Agnico Eagle adds gold 
ounces at Amaruq

Agnico Eagle's Amaruq exploration camp 150 km north of Baker Lake, Nunavut. Credit: Agnico Eagle Mines.

VANCOUVER — Agnico Eagle Mines’ (TSX: AEM; NYSE: AEM) Amaruq gold project is well on the way to becoming its next great discovery story. The company has rapidly advanced the Whale Tail and IVR zones over the past three years, and the resource growth rate has been impressive.

On Sept. 15 Agnico reported an updated resource estimate at Amaruq, which boasts 3.7 million inferred oz. gold within 19.4 million tonnes grading 5.97 grams gold per tonne. The IVR deposit grew 320% to 3.9 million tonnes of 6.84 grams gold for 852,000 contained oz., while overall open-pit resources jumped 33% to 13.6 million tonnes at 5.53 grams gold for 2.4 million contained oz. gold.

Agnico Eagle geologist Roxanne Takpanie (left) and Amaruq Project geologist Robert Fraser (right) examine core from V deposit. Credit: Agnico Eagle Mines.

Agnico Eagle Mines geologist Roxanne Takpanie and Amaruq project geologist Robert Fraser examine core from the V deposit. Credit: Agnico Eagle Mines.

“We’ve advanced quickly due to everything we’ve learned from our nine-year experience in Nunavut,” Agnico Eagle vice-president of exploration Guy Gosselin said during an interview. “Having the infrastructure in the region also keeps costs affordable, and we’ve established a really strong understanding of Archean greenstone deposits.”

Gosselin commented that most of the deposits Agnico has explored are typical of the iron-formation greenstone belts seen in northern Canada.

“The affinity with iron formation makes the magnetic and electromagnetic (EM) surveys very powerful,” he said. “You can recognize signs under cover and see the folds of the formations, which are the structural and chemical traps for the gold.”

Amaruq has become a high priority because Agnico’s Meadowbank gold mine, which lies 50 km southeast, is scheduled to run out of ore by the third quarter of 2018.

The company plans to complete a 62 km access road between the two sites, and hopes to get Amaruq into production by 2019.

To date at Amaruq, Agnico has discovered six zones of gold-bearing quartz-pyrrhotite-arsenopyrite veining and flooding within volcano-sedimentary rocks.

The IVR deposit is composed of the I, V and R zones. The V zone hosts almost the entire stated resource, and has emerged as a secondary source of open-pit mill feed in a production scenario.

The landscape of the V area, part of the IVR gold deposit at Agnico Eagle Mines’ Amaruq property in Nunavut. Credit: Agnico Eagle Mines.

The landscape of the V area, part of the IVR gold deposit at Agnico Eagle Mines’ Amaruq property in Nunavut. Credit: Agnico Eagle Mines.

Gosselin says the IVR material would help Agnico optimize throughput at Meadowbank’s 11,000-tonne-per-day mill, which manages operating and production costs.

Exploration at Amaruq has recently been highlighted by more lens discoveries in the V zone, which forms parallel quartz-vein structures dipping shallowly towards Whale Tail from surface to 542 metres deep.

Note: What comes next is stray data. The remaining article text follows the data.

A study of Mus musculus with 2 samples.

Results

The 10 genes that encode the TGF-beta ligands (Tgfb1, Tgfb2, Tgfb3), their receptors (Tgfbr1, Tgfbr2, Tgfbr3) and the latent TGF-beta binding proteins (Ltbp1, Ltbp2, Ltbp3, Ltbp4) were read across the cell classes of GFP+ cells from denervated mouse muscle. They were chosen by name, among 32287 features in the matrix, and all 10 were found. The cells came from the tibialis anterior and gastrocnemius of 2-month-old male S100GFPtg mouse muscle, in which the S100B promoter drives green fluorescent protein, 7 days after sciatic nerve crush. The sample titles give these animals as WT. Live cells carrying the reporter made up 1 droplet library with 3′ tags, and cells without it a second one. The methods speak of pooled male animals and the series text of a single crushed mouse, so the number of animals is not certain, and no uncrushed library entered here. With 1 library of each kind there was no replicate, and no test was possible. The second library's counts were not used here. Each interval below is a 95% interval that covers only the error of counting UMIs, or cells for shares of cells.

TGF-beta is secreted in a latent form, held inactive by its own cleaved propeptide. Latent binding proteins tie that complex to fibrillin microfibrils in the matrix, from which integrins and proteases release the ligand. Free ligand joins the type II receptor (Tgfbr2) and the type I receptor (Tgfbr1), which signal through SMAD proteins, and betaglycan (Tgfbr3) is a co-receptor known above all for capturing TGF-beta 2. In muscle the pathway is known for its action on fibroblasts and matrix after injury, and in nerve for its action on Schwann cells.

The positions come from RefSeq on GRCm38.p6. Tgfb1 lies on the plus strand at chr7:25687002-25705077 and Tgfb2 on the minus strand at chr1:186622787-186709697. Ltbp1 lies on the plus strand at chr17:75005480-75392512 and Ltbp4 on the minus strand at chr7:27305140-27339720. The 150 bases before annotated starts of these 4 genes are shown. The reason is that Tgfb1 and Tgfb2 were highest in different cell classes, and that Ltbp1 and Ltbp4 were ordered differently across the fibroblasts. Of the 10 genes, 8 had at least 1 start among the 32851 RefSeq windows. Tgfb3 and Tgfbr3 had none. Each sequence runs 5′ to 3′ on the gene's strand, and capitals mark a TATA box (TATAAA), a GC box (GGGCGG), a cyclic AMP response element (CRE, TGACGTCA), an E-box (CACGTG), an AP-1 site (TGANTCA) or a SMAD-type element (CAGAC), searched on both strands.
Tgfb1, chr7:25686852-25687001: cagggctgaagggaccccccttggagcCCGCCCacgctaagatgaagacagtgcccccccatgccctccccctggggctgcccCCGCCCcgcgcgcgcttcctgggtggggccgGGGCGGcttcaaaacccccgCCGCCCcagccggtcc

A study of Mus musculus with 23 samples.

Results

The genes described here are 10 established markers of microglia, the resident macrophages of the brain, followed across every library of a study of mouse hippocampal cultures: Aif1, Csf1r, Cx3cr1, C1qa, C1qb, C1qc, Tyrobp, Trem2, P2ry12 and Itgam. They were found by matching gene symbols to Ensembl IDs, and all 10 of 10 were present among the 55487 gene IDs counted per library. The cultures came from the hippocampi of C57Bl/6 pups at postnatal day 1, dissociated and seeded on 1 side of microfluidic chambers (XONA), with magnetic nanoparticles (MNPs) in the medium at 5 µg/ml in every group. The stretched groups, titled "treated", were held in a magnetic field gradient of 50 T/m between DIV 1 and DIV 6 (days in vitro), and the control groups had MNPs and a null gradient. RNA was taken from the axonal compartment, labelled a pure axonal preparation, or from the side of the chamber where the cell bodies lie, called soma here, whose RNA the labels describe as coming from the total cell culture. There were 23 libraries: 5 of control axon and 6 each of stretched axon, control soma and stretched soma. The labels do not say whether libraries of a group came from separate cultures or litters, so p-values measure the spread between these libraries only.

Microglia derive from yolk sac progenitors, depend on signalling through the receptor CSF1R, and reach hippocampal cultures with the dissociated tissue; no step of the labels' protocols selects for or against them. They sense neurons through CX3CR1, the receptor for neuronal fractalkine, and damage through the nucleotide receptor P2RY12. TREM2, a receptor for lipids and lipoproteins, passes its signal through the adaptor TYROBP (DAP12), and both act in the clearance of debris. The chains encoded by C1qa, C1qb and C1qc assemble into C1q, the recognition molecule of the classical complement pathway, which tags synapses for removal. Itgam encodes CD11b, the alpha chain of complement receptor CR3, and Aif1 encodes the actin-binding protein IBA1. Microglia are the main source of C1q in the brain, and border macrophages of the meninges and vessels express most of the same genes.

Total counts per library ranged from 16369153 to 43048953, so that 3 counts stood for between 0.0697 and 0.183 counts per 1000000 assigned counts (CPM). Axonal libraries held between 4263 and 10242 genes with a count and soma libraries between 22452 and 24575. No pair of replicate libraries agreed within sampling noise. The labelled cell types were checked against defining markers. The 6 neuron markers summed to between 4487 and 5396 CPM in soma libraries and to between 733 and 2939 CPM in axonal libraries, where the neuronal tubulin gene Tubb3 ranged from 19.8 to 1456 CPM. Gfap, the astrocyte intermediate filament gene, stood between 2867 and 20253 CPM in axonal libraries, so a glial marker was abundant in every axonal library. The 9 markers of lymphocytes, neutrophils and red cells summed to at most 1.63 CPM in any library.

The surface expression of the zone has a 1.2 km strike length, while the Whale Tail deposit has been defined over 2.2 km of strike length and extends from surface to 650 metres deep. Both deposits remain open to depth and lateral extension.

“We still have some room to grow Whale Tail towards the west, but in terms of potentially open-pit material, my interest is whether we can connect the two zones by filling in the gaps,” Gosselin said. “There could be interesting news coming out of that area, and we want to continue to work our way into the eastern part of the V zone to see if we can develop another ore shoot. These systems also have no limitation vertically, so there is a lot of work ahead.”

The company has conducted magnetic and EM surveys across the greater 1,170 sq. km Amaruq land package, and assigned one drill to test regional targets. Gosselin said there’s also work needed to better understand regional structural settings, but the exploration team has seen “good geology so far.”

Agnico should release a more detailed update on its regional program at year-end.

The company had suggested Amaruq could be permitted as an extension of the existing Meadowbank operation, since it would in all likelihood truck Amaruq ore to the Meadowbank mill, but in August the Nunavut Impact Review Board (NIRB) recommended the project undergo a full environmental assessment.

“We were anticipating this outcome, so we had already submitted the environmental impact study,” corporate director of communications and public affairs Dale Coffin said. “We’re moving forward with NIRB on the review process, and we continued to anticipate start-up at Amaruq in 2019. Meadowbank is scheduled to finish up earlier, so our challenge is to try to narrow that gap to keep momentum and minimize the impact on our employees.”

Drilling at Amaruq through June had totalled 77,500 metres, and Gosselin says another 30,000 metres will be complete through October.

In July the company reported that a $14-million budget had been approved for a second exploration phase at Amaruq this year, including 50,000 metres of drilling, as well as buying equipment and supplies for the 2017 exploration program.

Agnico is also working to permit an exploration ramp that would advance underground opportunities at both Whale Tail and IVR.

The company expects to produce between 1.58 million and 1.6 million oz. this year at all-in sustaining costs of US$840 to US$880 per oz. gold. Agnico shares have traded in a 52-week range of $30.22 to $78.35 per share, and closed at $68.78 at press time.

The company has 225 million shares outstanding for a $15.5-billion market capitalization.